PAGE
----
Mini wombok is tasty accompaniment to this fish dish, with the important advantage of being very decorative as well

By Ian Bartholomew  /  Contributing Reporter

Foil steamed sea bass with poached wombok served over fragrant spelt is easy to prepare and provides a nice mix of flavors and textures.

Photo: Ian Bartholomew

Back in December 2015, I wrote about a vegetable (Taipei Times, Dec. 26, 2015) that went by the cutesy name of “baby veg” or wawacai (娃娃菜). It is a member of the Brassica family (juncea Coss. var. Gemmifera to be specific) and is related to mustard greens, though with a much gentler flavor. At the time I was a bit confused, as the name is also used to refer to miniature versions of the Chinese cabbage, and while related through common associations with the Brassica family (though in this case Brassica rapa subsp. pekinensis), it couldn’t look or taste more different.

Chinese cabbage is a mainstay of much Asian cooking, with a taste and texture profile that is quite distinct from headed cabbage (comprising several cultivars of Brassica oleracea) that is such a stalwart of European cuisine. It looks quite different as well, being elongated rather than round, and there is even a theory that it is not really a cabbage at all, with a family history that involves dubious relations with the turnip.

Chinese cabbage is also known as napa cabbage, a name that some say derives from its cultivation in the Napa valley of California, while others insist that the name is a transformation of “nappa,” a regional colloquial Japanese term referring to vegetable leaves generally. In Australia it is often referred to as “wombok.” As the vegetable is not regarded as particularly Chinese within Asia, and napa and wawacai both invite confusion, I think wombok does the best job of referring to this little gem of the vegetable kingdom.

Wombok is now widely available outside Asia and is prized for its sweetness and tenderness, along with a much subtler flavor than headed cabbage. It can be eaten raw, and the leaves, when shredded, are perfect for salads and slaws. The firmer stem section is excellent in soups and braises, providing crunch if lightly cooked, or deepening flavor when left to gradually cook down.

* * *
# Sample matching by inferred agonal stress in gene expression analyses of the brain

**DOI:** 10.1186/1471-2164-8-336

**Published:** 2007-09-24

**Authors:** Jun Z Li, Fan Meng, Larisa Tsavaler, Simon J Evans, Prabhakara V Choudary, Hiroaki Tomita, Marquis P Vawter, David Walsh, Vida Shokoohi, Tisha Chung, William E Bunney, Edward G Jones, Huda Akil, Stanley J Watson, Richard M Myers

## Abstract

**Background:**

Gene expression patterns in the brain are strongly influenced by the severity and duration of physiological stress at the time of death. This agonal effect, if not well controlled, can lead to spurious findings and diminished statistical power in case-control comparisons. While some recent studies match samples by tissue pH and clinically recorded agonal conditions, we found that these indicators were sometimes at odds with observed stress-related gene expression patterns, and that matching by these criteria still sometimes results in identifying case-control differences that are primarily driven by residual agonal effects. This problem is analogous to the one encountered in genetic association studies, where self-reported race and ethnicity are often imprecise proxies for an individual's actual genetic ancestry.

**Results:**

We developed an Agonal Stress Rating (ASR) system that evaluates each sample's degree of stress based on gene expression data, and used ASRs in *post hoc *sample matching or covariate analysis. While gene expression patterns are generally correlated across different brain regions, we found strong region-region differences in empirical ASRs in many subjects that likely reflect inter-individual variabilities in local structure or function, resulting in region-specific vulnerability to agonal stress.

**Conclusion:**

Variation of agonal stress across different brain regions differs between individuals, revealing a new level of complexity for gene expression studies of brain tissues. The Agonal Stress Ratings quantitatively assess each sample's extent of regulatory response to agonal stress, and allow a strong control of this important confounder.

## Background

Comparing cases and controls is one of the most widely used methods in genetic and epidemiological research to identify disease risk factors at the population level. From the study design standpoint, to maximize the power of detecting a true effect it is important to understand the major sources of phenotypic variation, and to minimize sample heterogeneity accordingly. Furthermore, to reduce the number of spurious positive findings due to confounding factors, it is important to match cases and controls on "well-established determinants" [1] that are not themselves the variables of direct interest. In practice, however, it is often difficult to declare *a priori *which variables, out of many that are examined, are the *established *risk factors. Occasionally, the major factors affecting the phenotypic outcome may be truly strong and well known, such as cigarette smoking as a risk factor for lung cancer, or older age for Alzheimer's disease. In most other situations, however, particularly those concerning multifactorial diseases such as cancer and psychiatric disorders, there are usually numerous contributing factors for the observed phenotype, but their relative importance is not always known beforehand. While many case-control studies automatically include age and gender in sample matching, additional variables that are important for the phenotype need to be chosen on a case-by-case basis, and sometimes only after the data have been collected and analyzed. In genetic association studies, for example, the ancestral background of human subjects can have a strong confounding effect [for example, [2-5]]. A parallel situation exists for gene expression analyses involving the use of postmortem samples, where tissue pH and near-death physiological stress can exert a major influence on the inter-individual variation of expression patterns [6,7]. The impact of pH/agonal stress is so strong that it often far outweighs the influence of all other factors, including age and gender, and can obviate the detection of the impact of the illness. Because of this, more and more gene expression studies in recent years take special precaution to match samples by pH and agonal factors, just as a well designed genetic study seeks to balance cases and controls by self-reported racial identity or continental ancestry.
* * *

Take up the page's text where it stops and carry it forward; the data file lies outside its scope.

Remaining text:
The miniature version of this cabbage, which uses the moniker of wawacai, exaggerates the aesthetic and culinary aspects of its larger manifestation. They are perfect mini cabbages that can be eaten whole or halved, and look like a natural version of the famous Jadeite Cabbage with Insects (翠玉白菜) that is probably seen by every visitor to Taiwan’s National Palace Museum.

While they can be used in all applications that their full grown family members might be found in, their more delicate flavor suits them particularly to gentle preparations such as poaching.

As with other types of cabbage, or indeed vegetables generally, wombok has many health benefits, particularly in being a low calorie source of plentiful quantities of dietary fiber, vitamins (notably vitamin K which is said by some to improve defenses against dementia) and minerals (particularly calcium and magnesium for bone health).

The health conscious take comfort in as many of these claims as they want, but ultimately, the appeal of miniature wombok for many is that is looks really cute on the plate. It actually tastes really good as well, and that is a big plus. Like cabbage, they keep well in the fridge, but are nevertheless best eaten fresh.

Recipe (serves two)

Foil steamed sea bass with poached wombok served over fragrant spelt

Minitature wombok works really well poached, and the combination of sea bass with just a hint of piggy saltiness from the salt pork makes for a delicious combination. The dish can be quite as easily served on white or herbed rice, but alternative grains are all the rage right now and the creaminess of spelt slowly cooked in stock gives a chewy yet unctuous undertone to the fish. As cooking with stock is such a major part of this recipe, homemade is definitely preferable.